Week 3: Buddy Garrity, Feminist

Friday Night Lights, Season 4

Week 3: Buddy Garrity, Feminist

Friday Night Lights, Season 4

Week 3: Buddy Garrity, Feminist
Talking television.
May 24 2010 10:00 AM

Friday Night Lights, Season 4


Instead, it was Dick Sherman who got to play a kind of lunatic Jeremiah, speaking a painful and necessary truth. Meghan, I, too, found his explanation for what it means to make art much more convincing and surprising this time around. It also happens to be exactly the message Matt needs to hear, since Matt is constitutionally incapable of being selfish. The final moment when Matt walks in on Sherman brought to mind for me the story of Noah's three sons walking in on their father, asleep, maybe drunk, and muttering. But when Matt is staring up at the golden angel Sherman has created from junk (his "dark materials," in the words of John Milton and Philip Pullman), the experience is indeed ethereal, much more so than the very mundane comings and goings of Julie and her mom dressed in their Sunday best, idly talking about church gossip.

Hanna Rosin Hanna Rosin

Hanna Rosin is the co-host of NPR’s Invisibilia and a founder of DoubleX. She is also the author of The End of Men. Follow her on Twitter.


This scrambled morality was quite refreshing, I thought. It served as a distraction from what could be a very simplistic plot of the kind we feared when discussing episode one: holy East Dillon vs. evil West Dillon. Now we have the good guys coming from all kinds of surprising corners. And such it was with the final touchdown: messy, flawed, but moving nonetheless.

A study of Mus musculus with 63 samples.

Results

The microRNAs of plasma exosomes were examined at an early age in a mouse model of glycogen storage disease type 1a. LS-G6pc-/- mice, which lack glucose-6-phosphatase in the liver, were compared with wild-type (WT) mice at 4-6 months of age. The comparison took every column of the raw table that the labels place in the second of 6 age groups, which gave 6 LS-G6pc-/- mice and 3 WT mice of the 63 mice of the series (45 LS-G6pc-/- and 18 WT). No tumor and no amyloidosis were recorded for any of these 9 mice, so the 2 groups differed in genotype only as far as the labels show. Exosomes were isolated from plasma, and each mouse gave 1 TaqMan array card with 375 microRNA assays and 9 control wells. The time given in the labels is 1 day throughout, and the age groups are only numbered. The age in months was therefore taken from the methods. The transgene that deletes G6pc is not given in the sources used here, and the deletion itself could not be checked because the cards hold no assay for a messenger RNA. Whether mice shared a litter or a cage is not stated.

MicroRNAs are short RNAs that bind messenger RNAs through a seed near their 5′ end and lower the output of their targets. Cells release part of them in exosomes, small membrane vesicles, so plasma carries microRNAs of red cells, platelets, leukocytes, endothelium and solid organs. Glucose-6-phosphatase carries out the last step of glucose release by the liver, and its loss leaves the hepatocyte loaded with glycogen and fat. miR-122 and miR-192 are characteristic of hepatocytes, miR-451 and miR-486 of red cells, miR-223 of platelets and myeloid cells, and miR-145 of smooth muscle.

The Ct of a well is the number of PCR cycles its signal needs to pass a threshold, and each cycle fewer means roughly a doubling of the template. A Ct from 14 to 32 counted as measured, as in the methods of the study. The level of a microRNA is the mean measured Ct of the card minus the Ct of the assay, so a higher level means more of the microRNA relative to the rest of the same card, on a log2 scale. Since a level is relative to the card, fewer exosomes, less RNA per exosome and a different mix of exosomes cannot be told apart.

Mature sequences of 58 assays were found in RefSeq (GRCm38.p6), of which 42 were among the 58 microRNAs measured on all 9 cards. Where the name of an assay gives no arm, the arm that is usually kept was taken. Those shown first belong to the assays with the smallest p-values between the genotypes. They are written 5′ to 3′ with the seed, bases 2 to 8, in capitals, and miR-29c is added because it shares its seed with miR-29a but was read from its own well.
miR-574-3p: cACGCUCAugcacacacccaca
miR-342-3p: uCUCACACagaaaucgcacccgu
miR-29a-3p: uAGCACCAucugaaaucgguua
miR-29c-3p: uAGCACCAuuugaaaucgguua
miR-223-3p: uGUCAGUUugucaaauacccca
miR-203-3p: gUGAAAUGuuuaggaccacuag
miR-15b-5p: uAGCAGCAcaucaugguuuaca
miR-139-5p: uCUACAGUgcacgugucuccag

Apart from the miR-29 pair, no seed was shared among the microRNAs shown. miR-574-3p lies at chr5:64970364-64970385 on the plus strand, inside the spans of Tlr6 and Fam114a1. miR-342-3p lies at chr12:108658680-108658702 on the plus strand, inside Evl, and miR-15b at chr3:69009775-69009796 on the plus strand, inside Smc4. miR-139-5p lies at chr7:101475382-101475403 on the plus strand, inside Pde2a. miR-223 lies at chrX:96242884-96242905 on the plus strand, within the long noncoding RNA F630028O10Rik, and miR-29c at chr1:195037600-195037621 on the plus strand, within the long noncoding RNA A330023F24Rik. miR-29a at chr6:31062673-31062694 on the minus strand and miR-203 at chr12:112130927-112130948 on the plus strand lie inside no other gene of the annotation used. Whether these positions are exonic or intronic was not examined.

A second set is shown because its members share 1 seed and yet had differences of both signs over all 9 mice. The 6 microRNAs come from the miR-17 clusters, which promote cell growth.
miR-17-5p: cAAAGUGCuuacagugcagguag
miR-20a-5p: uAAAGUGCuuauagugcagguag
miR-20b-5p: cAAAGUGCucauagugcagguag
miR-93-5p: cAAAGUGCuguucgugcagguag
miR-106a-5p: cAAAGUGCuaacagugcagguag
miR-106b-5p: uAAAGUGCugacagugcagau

One thing we haven't discussed: more interesting to me than the gender issues, or the marriage troubles, is the racial tension. Luke and Vince make for such great antagonists because they are both blinkered and naive in certain ways and have so many different and conflicting loyalties tugging at them. Both of them have really interesting family relationships, which they are navigating in different ways: Luke just wants to get the hell off the ranch, while Vince is fiercely protective of his mother. (If this goes anything like The Wire, Vince will always be dragged down by the neighborhood.) Their different relationships with Coach Taylor are also full of potential drama. Luke is a baby about demanding Coach's attentions, while Vince will always resist him. ("You're not my father.") I absolutely loved the screaming showdown on the field between Vince and Eric. It was a moment when race disappeared, and they were just two beasts butting heads.

As for Riggins: Ladies, are you kidding me? What a patsy! You call handing out walking-around money in a poor neighborhood a sign of "maturity and reason." Not to mention his sissy whining to Eric about Luke. It was Coach Taylor who set Luke straight by letting Riggins know that Luke has "got to get rid of the concept that we have to kiss his ass because he's graced us with his presence." Right on. And then Eric fixed it with the home visit, which was just the right thing to do.

Riggins and Becky, on the other hand—that had a lot of nice touches. The dress scene, and also the tooth-brushing as a form of flirtation avoidance. Have you noticed people are always brushing their teeth on this show?